Rick Huxley: Bassist with the Dave Clark Five
Wednesday 13 February 2013
Although critically dismissed today, the Dave Clark Five was one of the most successful groups of the 1960s, having several UK hits and a following not far behind the Beatles' in America. Rick Huxley was part of the Dave Clark Five throughout their career and played bass on all their records, adding backing vocals when required.
The oldest member of the Dave Clark Five, Richard Huxley was born in Dartford in August 1942, the son of a publican. He played the guitar and when he left school at 16 answered an ad to join a beat group led by Dave Clark. Clark, no great musician himself but a brilliant organiser, knew how to pick competent players and by 1960 he had the line-up he wanted: himself on drums, Mike Smith (keyboards and lead vocals), Lenny Davidson (lead guitar), Huxley (bass) and Denis Payton (saxophone).
With a potent brand of pop and rhythm and blues, the Dave Clark Five found regular employment with Mecca Ballrooms. Huxley said that one of the tunes in their repertoire, "You Can't Sit Down", recorded by the Philip Upchurch Combo in Chicago in 1961, was the basis for their own trademark sound. Their two years with Mecca broadened their experience but their singles for Ember, Piccadilly and EMI's Columbia label only had limited success.
It was their sixth single, "Glad All Over", released in December 1963, which provided the breakthrough. The repetitive song, written by Clark and Smith, with its thunderous, thumping sound, soared up the charts, replacing "I Want To Hold Your Hand" at the top. Said Clark, "I knew that we needed a song with thumps in. We had been playing dance halls and we were getting a great audience response to the stomping things we were doing."
The press dubbed it "The Tottenham Sound", and the follow-up single, "Bits And Pieces", a No 2, was equally noisy and powerful. Some dance halls were reluctant to let the band play their hits as they feared that dancers would damage the floor.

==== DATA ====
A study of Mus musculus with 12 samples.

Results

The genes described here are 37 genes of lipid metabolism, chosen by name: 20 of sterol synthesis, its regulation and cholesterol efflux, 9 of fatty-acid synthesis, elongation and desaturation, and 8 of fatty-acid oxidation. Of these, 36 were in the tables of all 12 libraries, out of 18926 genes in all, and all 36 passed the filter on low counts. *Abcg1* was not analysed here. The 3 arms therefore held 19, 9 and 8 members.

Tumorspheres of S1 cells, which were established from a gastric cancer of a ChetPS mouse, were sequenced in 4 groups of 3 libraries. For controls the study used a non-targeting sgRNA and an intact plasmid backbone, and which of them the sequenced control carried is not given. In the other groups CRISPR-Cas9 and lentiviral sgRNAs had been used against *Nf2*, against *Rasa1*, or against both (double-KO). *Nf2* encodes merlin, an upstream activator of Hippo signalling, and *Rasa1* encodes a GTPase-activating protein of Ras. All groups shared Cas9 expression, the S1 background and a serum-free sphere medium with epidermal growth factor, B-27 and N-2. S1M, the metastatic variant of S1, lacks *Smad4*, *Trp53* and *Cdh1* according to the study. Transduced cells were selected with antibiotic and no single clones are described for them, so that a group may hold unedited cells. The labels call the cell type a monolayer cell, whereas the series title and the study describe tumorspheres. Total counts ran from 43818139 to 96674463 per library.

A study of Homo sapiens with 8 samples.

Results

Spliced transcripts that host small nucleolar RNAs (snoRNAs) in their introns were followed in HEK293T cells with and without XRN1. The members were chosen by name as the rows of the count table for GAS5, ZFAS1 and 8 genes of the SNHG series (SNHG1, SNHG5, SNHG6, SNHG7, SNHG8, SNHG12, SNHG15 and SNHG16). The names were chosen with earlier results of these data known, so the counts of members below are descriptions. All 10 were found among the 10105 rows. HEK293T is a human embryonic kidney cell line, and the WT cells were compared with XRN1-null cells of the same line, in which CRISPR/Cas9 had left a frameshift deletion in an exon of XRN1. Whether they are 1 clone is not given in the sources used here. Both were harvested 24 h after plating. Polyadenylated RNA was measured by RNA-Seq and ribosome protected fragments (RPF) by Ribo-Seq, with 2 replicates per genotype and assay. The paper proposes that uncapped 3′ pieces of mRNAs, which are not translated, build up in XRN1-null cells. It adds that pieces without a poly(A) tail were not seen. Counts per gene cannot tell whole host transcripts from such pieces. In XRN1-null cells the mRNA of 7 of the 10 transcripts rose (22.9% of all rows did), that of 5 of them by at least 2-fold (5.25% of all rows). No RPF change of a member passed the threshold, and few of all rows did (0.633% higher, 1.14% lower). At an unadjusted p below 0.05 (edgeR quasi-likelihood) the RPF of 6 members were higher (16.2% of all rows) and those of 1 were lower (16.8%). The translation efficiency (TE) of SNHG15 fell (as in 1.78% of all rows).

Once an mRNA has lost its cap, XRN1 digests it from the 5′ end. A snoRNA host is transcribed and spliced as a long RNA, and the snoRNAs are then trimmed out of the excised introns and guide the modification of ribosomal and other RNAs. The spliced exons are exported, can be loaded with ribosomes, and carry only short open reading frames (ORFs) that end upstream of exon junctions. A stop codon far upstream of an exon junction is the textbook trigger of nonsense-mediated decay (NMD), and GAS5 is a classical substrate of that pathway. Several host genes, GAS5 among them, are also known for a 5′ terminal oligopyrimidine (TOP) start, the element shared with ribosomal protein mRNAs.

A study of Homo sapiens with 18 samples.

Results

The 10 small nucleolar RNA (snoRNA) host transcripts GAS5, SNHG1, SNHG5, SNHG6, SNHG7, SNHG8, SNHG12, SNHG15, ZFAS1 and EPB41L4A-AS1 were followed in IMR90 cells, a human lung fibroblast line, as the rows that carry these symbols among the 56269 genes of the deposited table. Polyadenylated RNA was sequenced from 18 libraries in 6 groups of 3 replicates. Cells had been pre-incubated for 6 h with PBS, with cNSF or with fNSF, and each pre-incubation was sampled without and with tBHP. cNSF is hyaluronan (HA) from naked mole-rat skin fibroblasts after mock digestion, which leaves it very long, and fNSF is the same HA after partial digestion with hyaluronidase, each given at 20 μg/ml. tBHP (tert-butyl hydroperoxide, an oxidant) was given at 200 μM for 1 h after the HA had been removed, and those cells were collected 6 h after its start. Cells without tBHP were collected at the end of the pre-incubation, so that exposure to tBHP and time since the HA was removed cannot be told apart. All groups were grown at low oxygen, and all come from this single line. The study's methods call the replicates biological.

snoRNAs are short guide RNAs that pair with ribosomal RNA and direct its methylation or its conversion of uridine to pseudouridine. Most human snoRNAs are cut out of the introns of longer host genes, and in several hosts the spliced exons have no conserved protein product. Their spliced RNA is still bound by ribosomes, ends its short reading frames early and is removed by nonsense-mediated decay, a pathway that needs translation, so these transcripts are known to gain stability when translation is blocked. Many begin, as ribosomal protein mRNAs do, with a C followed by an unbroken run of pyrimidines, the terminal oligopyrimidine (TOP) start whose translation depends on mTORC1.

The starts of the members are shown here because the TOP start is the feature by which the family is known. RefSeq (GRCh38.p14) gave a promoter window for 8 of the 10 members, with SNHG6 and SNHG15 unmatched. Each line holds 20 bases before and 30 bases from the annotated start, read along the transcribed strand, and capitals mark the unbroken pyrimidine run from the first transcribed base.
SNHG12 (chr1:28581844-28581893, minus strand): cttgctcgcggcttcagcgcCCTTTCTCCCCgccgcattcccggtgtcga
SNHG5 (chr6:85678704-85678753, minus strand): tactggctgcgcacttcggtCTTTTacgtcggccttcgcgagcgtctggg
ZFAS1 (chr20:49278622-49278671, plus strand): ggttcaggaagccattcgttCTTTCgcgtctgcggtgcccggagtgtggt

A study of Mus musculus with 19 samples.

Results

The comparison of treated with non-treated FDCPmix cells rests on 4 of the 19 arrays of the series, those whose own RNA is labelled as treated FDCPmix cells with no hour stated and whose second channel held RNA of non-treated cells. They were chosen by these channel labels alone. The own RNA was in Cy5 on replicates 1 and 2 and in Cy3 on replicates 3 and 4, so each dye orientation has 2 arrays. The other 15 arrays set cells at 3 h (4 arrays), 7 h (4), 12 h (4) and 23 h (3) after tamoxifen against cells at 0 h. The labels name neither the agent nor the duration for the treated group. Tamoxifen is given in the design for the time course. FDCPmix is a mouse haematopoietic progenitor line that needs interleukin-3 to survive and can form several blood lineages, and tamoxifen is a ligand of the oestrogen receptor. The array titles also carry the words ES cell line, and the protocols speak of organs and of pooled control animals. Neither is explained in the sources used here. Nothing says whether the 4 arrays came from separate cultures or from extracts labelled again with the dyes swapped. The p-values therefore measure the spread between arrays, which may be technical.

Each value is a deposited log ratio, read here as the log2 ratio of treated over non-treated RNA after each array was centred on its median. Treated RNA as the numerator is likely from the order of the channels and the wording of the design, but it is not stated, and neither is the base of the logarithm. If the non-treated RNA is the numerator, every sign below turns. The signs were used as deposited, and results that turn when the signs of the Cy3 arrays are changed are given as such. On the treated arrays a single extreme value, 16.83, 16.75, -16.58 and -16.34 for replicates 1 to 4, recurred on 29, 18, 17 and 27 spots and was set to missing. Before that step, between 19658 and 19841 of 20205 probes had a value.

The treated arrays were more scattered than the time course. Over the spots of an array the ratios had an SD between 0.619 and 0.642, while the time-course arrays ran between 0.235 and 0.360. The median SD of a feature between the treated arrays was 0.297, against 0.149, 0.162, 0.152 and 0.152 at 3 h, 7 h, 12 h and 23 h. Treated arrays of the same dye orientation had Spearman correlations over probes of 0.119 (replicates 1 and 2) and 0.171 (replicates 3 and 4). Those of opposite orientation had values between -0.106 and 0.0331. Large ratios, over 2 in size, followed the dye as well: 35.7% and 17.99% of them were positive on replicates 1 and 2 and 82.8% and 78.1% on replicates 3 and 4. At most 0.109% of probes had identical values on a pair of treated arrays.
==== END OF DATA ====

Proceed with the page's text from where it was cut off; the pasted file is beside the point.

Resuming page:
Dave Clark wanted to emulate the success of the Beatles in America and the first of their 18 appearances on The Ed Sullivan Show came in March 1964. Sullivan warmed to their good-looking, clean-cut image, and indeed, they looked like the younger members of a yacht club with their blazers, tab-collared shirts and white trousers. Clark encouraged them to concentrate on the US market. They toured more extensively than the Beatles and released numerous singles for America only, having a No 1 with "Over And Over" in 1965.
Clark paid the band members a weekly salary and Smith told me in 1991 that he was happy that Clark had been making the decisions. "We didn't care," he said. "To us it was just a matter of enjoying ourselves. There were the Three Musketeers – Rick, Lenny and myself – and we were the three terrors who got up to a lot of mischief. We had water fights and caused havoc in hotels but it never got into the papers. I think that a lot of the other groups deliberately did outrageous things to get noticed, but we had the publicity anyway. We ate good food, had lots of fun and played the concerts: it was a good life." A publicity leaflet at the time states that Huxley liked peace and quiet and was only irritated by leaky ballpoints. The high living was perhaps not for him; his favourite food was tripe and onions.
Their film Catch Us If You Can (1965), directed by John Boorman and written by Peter Nichols, was very successful. Paradoxically, it was about a pop group trying to escape from commercial demands. Huxley had comedic talent and his role could have been expanded.
The group did show some versatility, in particular, with the ballad "Because" and the soulful "Come Home". When they appeared on the 1965 Royal Variety Performance they chose to perform the country hit, "Welcome To My World". The group had too much of a bubblegum image to become psychedelic in 1967, and despite hits with "Everybody Knows" (1967) and "Red Balloon" (1968), they disbanded in 1971.
For a time, Huxley worked for Vox amplifiers, but in 1973 he and a friend, Doug Jackson, opened their own music equipment store close to the Oval. In 1987 Huxley moved into electrical wholesale. He had smoked heavily and he suffered from emphysema. Payton died in 2006 and Smith in 2008, and Huxley's wife, Ann, in 2012.
Richard Huxley, bass guitarist: born Dartford 5 August 1942; married Ann (died 2012); died 11 February 2013.